MOONED IN SUN VALLEY
21st August 2017 | Katie Bamber, Sun Valley, Idaho
PLANETSKI was in the resort of Sun Valley, Idaho at the centre of the eclipse belt. Celestial proceedings took place & we were looking skywards! NEW & UPDATED
It was one of the wildest and weirdest moments.
The entire eclipse took a couple of hours, from when the moon started blocking the sun first with just a dent, slowly reducing it to a crescent sun.
In the short moment when it was totally eclipsed you could see a perfect orange corona around the moon.
Then the most impressive thing of all happenned in Sun Valley.
A cacophany of howls.
Those who had hiked or taken a lift up the surrounding hills of Dollar Mountain and Baldie were whooping and it resounded in the town below where I was.
Soon everyone was howling at the moon.
Taking the glasses off was magical.
The moon was big, and the light rays coming out from behind were coloured purple and green on different edges.
It was dark & dusky and there was no movement or noise until the united whooping started.
And then the sun began to appear again and life started.
All very quickly.
The hour-long run up built the excitement and as soon as the light was back to near-normal it was a line of cars leaving town and back to the games of the eclipse holiday.
One of the most magnetic things about the eclipse and morning was the cheer of the community.
Just as that word means, it was united.
And I can’t think of better people than Americans to have spent it with.
American enthusiasm filled the air and the event brought out our best, impressed, but on-the-whole embarrassing, comments of awe.
There’s something about taking away the sense of vision.
Everyone gazing up through opaque glasses, somehow voices got louder for everyone to hear.
‘Hell yeah’s and ‘right on’s came from all directions as well as some of these:
Overheard in the eclipse:
“Holy shit is that the moon?”
“You’re looking the wrong way!”
“So are we basically just watching a big ball block out the sun?!”
British photographer Gary, who took up his position on Ketchum’s best terrace at the Limelight hotel, came from Southampton for the eclipse.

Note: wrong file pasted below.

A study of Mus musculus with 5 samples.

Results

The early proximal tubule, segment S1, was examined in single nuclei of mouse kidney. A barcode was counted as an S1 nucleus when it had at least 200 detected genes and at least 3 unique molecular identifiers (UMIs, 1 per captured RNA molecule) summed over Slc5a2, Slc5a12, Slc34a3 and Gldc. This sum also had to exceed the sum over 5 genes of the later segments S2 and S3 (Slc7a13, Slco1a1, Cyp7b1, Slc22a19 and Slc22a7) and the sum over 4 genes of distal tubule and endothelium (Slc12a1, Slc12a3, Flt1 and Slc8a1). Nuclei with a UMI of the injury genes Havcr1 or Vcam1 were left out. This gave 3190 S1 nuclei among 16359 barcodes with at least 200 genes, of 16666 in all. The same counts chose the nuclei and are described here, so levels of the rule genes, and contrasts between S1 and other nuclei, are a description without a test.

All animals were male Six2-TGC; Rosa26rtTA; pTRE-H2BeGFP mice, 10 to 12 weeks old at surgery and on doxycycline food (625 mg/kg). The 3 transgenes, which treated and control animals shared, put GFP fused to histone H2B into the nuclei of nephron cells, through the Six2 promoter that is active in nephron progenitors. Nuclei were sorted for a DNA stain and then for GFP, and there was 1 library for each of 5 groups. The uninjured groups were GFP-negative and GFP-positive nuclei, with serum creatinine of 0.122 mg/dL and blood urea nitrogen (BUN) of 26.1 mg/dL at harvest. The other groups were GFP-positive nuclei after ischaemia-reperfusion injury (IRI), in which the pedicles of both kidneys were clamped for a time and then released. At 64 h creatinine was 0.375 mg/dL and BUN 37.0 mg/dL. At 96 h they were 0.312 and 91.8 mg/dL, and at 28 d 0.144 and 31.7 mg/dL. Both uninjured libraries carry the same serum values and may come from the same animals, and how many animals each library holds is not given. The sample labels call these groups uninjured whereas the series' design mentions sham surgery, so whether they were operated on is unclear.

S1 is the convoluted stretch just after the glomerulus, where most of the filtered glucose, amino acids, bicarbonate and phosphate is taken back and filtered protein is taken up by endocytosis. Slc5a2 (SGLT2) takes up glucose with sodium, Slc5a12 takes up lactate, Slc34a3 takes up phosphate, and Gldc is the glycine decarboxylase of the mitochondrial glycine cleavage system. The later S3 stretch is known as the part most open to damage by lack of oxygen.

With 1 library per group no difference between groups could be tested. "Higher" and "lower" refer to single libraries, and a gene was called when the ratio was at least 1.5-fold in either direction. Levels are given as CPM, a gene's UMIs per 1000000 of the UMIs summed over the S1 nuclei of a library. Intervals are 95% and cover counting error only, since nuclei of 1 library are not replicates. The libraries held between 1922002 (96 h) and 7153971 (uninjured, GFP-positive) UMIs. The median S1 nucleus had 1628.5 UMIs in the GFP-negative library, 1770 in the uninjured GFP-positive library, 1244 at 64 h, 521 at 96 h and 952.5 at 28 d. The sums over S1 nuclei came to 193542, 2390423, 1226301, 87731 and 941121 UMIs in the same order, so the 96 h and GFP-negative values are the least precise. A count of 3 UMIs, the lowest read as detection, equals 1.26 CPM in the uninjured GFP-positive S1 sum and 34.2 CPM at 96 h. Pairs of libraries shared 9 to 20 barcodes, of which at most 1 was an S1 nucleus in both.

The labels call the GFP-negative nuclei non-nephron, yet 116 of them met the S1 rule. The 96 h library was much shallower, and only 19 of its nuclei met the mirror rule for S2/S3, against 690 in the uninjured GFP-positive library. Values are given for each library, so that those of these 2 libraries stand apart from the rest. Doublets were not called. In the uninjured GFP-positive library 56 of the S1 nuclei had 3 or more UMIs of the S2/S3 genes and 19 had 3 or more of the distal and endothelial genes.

An eight-day journey on the Queen Mary II brought him to Sun Valley for the show.
And check out this TV report from the town of Cascade in Idaho:
Eclipse day – August 21st AM
Here in Sun Valley it’s been the big conversation for weeks, longer…
Where’ll you be during the blackout?
This is how dawn broke in Sun Valley today as we got our first glimpse of the sun on its big day out (or should that be in?):
And here’s as it started, the dull orange blob of the sun through the lens.
The TV Network, ABC, was at the top of the mountain in Sun Valley broadcasting to the world as the moon crept across the face of the sun.
And you could follow it all live on the links below.
LIVE STREAM OF THE ECLIPSE TAKING PLACE BELOW:
NASA LIVE STREAM – Madras,Oregon – Eclipse footage starts at approximately 43:00:
‘Official’ stands line Main Street in Sun Valley, counterfeit eclipse glasses are out there and lift tickets for Bald Mountain were being touted and re-sold for hundreds more than what a two-hour hike is worth.
On social media locals approached the topic of the astronomical lift-ticket prices, but recognising the commercial realities:
“Man, wish the ticket prices weren’t so ridiculously high to ride the lift up for today. $200-$500 is a bit excessive for sure…although I guess you knew where to price it since it sold out back in May,” said Nicholas Gerecitano on the resort’s Facebook page.
The 2017 celestial event is following a path across the USA with mountain ski resorts in Oregon, Idaho and Wyoming experiencing the eclipse in the totality belt.
Many hundreds of thousands of people are here in the mountains to get the best views.
Our North America reporter, Alex Cove, has also witnessed the eclipse further north in Washington state.
Alex was just out of the zone of totality in the area of Castle Rock.
“The campsites and parking lots are packed and we all have our special glasses so we can see the event.
“It didn’t go pitch black but it got much darker and certainly colder as the moon covered part of the sun,” he said.
“The eclipse is dominating the media and is pretty much all anyone is talking about. Where I am in Castle Rock everyone came out to see it with their glasses on,” he added.
And this is what you could see through the glasses:
More than 12 million people live in the 70-mile path of totality.
Four times that many live within a two-hour drive, and over 200 million live within a day’s drive.
And once the light retuned to Sun Valley the afterparty began.
The special lift tickets sold out in a day, back in May.
But the eclipse could still be viewed both in the sky and on a big screen on the lawn of the Sun Valley Pavilion.
The River Run Day Lodge hosted a breakfast and the Sun Valley Village had a post-eclipse barbecue from noon to 4pm with live entertainment and family activities.
Meanwhile there were even parts of western Europe, including the UK and Ireland, that snatched a sight of the eclipse later this evening.
In Belfast, for example, this partial started at 19:37 BST and ended at 20:23 BST.
Southern England saw the moon take its chunk out of the Sun as it moves over the horizon.
The graphic below comes from the BBC.
Check back later for further updates from the USA…
See here for the main PlanetSKI news page with all the latest stories from the mountains.